Get a Clue
"Excuse me waiter, is that a pistol under my prime rib?"
Diners at Dave and Buster's restaurant in Hollywood might ask just that while attending one of the establishment's Saturday murder-mystery dinners. During the show, members of the Murder Mystery Players get patrons to stash weapons for them and back up their alibis. Although the shows are fully scripted, characters are allowed to ask the audience for help, says director Randolph DelLago. During one show an audience member held a (prop) gun for an actor who didn't want his fingerprints on it. And one astute diner pointed out that a character had left poison "by" the sink, not "in" it, DelLago recalls.
"I've always been uncomfortable when plays break the proscenium wall," he claims. "But in this case, [actors] give the audience an opportunity to participate in the play as opposed to forcing it on them." And whether they take part or not, everyone tries to solve the crime.
A chance to play Sherlock Holmes is what makes the murder-mystery parties so popular in homes and restaurants throughout the United States and Europe. The Dave and Buster's brand of dinner-and-drama began 16 years ago in Dallas. At the time, playwright Jim Konopa and his Murder Mystery Players were performing primarily at parties and corporate events. But after booking the troupe at Dave and Buster's arcade-restaurant, the show was so popular it became a regular gig. Mock murders are now performed every Saturday night at all 14 Dave and Buster's locations.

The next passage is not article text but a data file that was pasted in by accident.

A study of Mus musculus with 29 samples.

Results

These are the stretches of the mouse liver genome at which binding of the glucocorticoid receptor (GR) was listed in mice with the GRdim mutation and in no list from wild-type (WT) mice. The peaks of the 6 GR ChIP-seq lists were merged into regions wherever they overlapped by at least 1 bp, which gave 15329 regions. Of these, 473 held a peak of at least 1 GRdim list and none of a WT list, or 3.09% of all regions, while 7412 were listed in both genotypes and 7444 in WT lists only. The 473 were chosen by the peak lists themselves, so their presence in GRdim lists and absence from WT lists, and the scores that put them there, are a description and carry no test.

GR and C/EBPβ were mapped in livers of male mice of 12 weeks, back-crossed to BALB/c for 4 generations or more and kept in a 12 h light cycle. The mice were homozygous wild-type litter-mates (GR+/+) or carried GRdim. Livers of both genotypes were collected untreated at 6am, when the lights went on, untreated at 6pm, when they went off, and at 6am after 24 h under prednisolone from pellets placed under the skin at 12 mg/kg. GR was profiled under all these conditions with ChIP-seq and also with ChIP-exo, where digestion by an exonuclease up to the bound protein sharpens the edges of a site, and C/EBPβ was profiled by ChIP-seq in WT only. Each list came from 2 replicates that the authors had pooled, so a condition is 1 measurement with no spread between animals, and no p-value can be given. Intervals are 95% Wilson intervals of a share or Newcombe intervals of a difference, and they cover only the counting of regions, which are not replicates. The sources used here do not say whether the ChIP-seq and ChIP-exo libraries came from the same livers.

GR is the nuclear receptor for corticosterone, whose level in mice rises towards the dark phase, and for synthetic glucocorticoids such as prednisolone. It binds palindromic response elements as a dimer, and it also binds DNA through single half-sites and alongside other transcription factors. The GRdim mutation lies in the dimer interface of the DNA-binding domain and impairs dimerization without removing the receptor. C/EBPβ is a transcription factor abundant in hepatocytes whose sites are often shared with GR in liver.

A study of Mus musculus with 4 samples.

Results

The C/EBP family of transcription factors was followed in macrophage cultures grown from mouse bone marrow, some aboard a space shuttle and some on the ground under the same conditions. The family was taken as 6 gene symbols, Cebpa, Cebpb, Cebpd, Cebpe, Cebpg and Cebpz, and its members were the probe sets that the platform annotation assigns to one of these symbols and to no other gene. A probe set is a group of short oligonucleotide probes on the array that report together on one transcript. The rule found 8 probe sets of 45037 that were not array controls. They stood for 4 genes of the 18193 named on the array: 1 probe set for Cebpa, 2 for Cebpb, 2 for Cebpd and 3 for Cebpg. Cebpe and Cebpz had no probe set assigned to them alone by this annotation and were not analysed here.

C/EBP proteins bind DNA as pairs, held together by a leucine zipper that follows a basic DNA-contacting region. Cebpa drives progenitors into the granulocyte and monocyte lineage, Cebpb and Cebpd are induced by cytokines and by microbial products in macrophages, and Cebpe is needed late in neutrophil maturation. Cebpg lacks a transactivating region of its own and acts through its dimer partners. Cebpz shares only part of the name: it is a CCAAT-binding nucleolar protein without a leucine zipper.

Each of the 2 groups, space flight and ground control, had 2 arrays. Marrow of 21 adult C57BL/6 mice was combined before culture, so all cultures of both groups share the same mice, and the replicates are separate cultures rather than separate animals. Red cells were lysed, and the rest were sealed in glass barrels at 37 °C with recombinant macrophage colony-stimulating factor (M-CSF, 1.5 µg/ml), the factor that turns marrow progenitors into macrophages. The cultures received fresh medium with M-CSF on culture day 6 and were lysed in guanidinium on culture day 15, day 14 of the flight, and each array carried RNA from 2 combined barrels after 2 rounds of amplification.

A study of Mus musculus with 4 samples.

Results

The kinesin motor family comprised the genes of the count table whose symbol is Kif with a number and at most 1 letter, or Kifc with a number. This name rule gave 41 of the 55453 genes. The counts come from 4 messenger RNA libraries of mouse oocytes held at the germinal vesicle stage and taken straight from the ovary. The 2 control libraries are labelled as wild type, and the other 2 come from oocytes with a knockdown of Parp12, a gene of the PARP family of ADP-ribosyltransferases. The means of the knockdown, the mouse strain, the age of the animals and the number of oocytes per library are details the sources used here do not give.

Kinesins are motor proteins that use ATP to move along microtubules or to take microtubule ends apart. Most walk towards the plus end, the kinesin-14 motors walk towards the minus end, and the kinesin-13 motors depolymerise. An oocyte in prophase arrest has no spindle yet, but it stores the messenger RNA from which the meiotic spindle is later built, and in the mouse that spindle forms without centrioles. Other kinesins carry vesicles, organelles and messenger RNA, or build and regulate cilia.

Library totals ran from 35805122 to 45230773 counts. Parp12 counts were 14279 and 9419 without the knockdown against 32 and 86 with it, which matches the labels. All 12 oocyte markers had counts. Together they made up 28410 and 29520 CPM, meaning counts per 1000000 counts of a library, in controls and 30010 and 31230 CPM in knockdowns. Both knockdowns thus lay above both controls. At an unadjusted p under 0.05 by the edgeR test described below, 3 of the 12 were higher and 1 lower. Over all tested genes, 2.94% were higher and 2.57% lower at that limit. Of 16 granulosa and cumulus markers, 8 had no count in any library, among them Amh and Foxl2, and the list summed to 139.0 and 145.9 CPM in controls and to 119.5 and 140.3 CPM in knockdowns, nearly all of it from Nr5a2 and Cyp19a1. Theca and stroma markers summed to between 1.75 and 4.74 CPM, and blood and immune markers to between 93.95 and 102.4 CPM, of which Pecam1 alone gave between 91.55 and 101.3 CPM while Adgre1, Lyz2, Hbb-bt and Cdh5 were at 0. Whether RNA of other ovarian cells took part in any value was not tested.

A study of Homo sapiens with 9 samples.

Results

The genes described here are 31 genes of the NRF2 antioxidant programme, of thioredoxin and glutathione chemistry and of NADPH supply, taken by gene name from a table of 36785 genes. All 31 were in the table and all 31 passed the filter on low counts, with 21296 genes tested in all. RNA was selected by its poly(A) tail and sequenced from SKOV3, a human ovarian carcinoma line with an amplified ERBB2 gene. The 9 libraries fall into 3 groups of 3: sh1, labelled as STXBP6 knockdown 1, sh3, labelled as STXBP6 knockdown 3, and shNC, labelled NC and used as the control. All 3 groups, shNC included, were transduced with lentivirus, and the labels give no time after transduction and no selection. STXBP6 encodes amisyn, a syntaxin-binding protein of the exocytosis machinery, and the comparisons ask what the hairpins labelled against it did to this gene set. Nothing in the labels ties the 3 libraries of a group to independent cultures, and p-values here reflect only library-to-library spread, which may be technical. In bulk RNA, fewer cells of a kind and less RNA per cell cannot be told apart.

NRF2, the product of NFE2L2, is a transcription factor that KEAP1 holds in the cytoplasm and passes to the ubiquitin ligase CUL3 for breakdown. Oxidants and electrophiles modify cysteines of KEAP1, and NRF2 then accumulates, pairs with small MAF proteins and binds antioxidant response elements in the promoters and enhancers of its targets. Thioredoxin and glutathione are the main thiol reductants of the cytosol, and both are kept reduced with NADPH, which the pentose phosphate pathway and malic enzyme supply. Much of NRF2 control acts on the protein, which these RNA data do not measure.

The next production in Hollywood, A Neighborly Case of Murder, opens July 11. In the three-act play, businessman Duane Stokes goes to a murder-mystery theater with his wife, on whom he has been cheating with his secretary, Sheila. But Duane has just dumped Sheila, so when she calls to make reservations for her boss, she reserves another table for herself and Rusty, a disgruntled employee recently fired by Stokes. Sheila, Rusty, and others have plenty of reasons to want Stokes dead, which means that audiences have plenty of murder suspects from whom to choose.
It pays to pay attention while munching. Sleuths at each table pool clues to solve the murder, and winning groups receive Dave and Buster's gift certificates. Cheating, by the way, is impossible. The show's ending changes every week.
-- John Ferri
A Neighborly Case of Murder runs every Saturday through August 15 at Dave and Buster's, 3000 Oakwood Blvd., Hollywood. Showtime is 8 p.m. Cost is $40.20 per person; reservations are required. Call 954-923-5505.